By David Cruz
It has taken more than a year of meetings, consultations, debates and arguments, but New Jersey’s century-old teacher tenure policy appears close to a major overhaul. The lengthy process produced a rarity in Trenton, near unanimity.
Senate Education Committee Chair Teresa Ruiz said she was tired today. After more than a year of meetings with a variety of stakeholders, including teachers, administrators and fellow lawmakers, the Essex County Democrat is close to ushering a major change to the state’s tenure system through the legislature, a task that, given the entrenched interests, was as monumental as it sounds.
“I tried to convey through the Senate Education Committee that this was not about providing a tool to eliminate under-performing professionals,” she said this morning. “This was about putting support mechanisms in place that will identify the best, help those who are in need of help and create a streamlined process that would identify people who perhaps have to choose a different career path.”
It’s that conciliatory tone that brought the teacher’s union to the table, despite a plan that weakens protections for its membership, lengthens the pre-tenure period to four years and tightens the evaluation criteria.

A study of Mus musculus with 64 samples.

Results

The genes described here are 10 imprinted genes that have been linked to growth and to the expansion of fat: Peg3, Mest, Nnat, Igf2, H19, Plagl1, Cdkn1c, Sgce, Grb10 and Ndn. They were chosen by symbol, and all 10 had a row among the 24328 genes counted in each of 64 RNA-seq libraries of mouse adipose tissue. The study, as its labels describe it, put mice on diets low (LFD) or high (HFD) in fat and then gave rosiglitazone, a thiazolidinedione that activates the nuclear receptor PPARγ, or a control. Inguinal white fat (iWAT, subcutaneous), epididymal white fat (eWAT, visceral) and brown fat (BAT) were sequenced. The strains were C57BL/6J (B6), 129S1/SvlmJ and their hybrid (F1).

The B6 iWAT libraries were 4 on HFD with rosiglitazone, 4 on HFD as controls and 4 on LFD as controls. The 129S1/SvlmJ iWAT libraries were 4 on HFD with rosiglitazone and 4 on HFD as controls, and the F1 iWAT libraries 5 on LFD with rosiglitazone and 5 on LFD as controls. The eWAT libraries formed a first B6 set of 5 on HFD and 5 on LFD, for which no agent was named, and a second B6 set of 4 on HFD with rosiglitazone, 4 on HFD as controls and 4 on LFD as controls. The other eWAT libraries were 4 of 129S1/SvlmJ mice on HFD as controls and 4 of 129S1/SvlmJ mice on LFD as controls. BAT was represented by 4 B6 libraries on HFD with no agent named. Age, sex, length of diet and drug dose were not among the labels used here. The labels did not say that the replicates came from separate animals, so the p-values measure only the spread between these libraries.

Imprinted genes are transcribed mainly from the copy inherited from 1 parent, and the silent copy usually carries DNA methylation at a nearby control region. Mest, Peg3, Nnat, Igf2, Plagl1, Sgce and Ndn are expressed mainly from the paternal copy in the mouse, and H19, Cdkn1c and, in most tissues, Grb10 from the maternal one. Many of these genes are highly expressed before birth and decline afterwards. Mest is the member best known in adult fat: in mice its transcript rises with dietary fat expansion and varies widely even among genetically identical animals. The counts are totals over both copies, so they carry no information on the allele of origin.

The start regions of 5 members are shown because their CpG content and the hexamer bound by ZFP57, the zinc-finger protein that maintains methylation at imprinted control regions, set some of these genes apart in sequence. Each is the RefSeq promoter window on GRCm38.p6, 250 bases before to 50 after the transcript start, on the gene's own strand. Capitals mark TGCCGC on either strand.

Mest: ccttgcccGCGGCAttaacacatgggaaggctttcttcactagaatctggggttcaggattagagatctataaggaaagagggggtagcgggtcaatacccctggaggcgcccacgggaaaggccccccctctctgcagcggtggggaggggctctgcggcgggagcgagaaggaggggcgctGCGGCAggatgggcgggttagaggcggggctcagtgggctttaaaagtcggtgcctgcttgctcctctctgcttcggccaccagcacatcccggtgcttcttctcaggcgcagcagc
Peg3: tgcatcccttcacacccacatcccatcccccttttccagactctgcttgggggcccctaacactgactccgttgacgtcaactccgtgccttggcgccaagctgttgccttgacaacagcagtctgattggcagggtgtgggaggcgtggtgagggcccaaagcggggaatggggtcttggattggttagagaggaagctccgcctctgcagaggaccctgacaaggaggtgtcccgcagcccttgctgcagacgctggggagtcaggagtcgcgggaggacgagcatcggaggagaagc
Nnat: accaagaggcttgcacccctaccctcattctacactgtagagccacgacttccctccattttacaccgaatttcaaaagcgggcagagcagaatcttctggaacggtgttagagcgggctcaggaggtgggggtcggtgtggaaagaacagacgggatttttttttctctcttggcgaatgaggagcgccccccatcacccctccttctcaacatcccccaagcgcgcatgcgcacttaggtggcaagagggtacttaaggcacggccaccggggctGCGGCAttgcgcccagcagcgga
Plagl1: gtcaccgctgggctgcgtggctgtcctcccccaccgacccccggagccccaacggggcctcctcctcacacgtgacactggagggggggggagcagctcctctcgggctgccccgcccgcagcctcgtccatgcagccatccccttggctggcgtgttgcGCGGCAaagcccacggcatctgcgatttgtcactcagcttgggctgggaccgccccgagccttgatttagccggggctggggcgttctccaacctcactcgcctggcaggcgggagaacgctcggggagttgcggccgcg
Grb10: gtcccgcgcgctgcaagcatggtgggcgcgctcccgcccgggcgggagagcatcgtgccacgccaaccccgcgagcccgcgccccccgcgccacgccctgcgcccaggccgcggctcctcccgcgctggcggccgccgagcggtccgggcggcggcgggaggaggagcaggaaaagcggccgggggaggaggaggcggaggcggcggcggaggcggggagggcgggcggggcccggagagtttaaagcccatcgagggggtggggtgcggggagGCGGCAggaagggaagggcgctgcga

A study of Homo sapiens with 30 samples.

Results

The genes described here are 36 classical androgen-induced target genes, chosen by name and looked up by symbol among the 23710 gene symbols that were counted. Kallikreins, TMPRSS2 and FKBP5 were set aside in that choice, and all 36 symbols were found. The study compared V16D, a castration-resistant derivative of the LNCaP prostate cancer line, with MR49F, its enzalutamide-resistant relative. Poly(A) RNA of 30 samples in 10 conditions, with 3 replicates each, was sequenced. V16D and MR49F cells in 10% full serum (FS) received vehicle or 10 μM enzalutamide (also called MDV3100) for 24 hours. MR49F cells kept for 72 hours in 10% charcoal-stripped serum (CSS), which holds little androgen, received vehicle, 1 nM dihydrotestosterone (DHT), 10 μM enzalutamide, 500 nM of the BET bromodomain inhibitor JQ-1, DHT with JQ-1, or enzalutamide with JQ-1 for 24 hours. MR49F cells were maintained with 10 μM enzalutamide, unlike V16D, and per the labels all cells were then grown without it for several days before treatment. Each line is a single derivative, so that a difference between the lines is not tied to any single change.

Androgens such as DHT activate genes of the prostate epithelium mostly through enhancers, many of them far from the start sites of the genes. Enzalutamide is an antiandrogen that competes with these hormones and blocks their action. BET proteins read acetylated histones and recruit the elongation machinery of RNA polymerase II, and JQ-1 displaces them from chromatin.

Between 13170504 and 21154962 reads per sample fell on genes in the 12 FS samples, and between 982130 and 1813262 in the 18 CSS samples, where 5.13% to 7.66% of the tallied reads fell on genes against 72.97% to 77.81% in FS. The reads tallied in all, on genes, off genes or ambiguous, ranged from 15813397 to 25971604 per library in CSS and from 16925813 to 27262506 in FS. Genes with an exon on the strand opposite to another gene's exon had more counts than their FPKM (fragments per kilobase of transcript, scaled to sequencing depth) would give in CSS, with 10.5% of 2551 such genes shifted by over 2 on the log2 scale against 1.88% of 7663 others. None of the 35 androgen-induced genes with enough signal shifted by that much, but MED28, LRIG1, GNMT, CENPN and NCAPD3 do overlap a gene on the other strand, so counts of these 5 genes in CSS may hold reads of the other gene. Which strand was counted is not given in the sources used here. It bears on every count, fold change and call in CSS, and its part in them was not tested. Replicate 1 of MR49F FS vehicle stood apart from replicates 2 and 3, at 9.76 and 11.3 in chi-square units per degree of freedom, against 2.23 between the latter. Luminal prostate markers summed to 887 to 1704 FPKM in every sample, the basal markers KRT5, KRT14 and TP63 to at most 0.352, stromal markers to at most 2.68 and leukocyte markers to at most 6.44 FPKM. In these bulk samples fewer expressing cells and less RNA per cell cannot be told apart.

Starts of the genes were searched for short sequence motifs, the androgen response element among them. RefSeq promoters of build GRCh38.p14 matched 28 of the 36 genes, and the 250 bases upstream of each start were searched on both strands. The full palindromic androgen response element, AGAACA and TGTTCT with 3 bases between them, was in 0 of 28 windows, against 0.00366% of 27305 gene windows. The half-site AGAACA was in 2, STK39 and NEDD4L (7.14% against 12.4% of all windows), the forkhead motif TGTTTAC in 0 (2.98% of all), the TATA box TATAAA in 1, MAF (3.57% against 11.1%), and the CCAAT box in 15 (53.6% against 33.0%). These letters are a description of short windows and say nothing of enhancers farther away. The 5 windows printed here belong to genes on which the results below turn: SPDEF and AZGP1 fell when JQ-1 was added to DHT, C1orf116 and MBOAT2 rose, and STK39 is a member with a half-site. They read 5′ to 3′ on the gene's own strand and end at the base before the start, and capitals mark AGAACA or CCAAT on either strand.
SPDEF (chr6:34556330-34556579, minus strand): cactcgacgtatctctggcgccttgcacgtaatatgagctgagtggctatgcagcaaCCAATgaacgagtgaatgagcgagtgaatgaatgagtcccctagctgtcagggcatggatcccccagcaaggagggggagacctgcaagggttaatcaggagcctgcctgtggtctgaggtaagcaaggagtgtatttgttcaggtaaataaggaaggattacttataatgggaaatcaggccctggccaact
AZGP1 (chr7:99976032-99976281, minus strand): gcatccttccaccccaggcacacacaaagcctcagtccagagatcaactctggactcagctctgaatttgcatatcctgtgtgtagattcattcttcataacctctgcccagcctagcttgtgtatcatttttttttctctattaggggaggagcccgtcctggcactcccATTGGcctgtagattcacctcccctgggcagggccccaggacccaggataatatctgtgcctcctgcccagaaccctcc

“This bill makes it harder to earn tenure and makes it easier to remove tenured teachers who are no longer effective,” said Barbara Keshishian, President of the New Jersey Education Association (NJEA).
But Keshishian says the bill also provides mentoring for teachers who are shown to need help, which fosters a more cooperative tone, a far cry from Gov. Christie’s harsh anti-NJEA rhetoric.
“It provides better support for teachers entering the profession and fair due process protection for those who have earned tenure but are subsequently identified as ineffective,” said Keshishian.
Keshishian was equally supportive of an Assembly Education Committee tenure bill put up by Democrat Patrick Diegnan last week. That bill, which appears to have less support than Ruiz’s, differs slightly on evaluation processes and criteria. Both would protect seniority, however –- the last hired, first fired policy that Gov. Christie has railed against. Diegnan wasn’t available to talk about his bill today and Ruiz said she didn’t want to talk about the differences between the two or where she thought a compromise could be reached. A vote on the Senate version could come this Thursday.
“The next step is to have conversations between both houses, figure out where there are places to meet, discuss further and get a final product that can get voted on the floor and something that the governor can consider for signage,” said Ruiz.
The one thing these two bills do have in common is that neither of them is exactly what the governor asked for. The governor’s office says he’ll wait until there’s a final bill before they determine whether or not he will support it.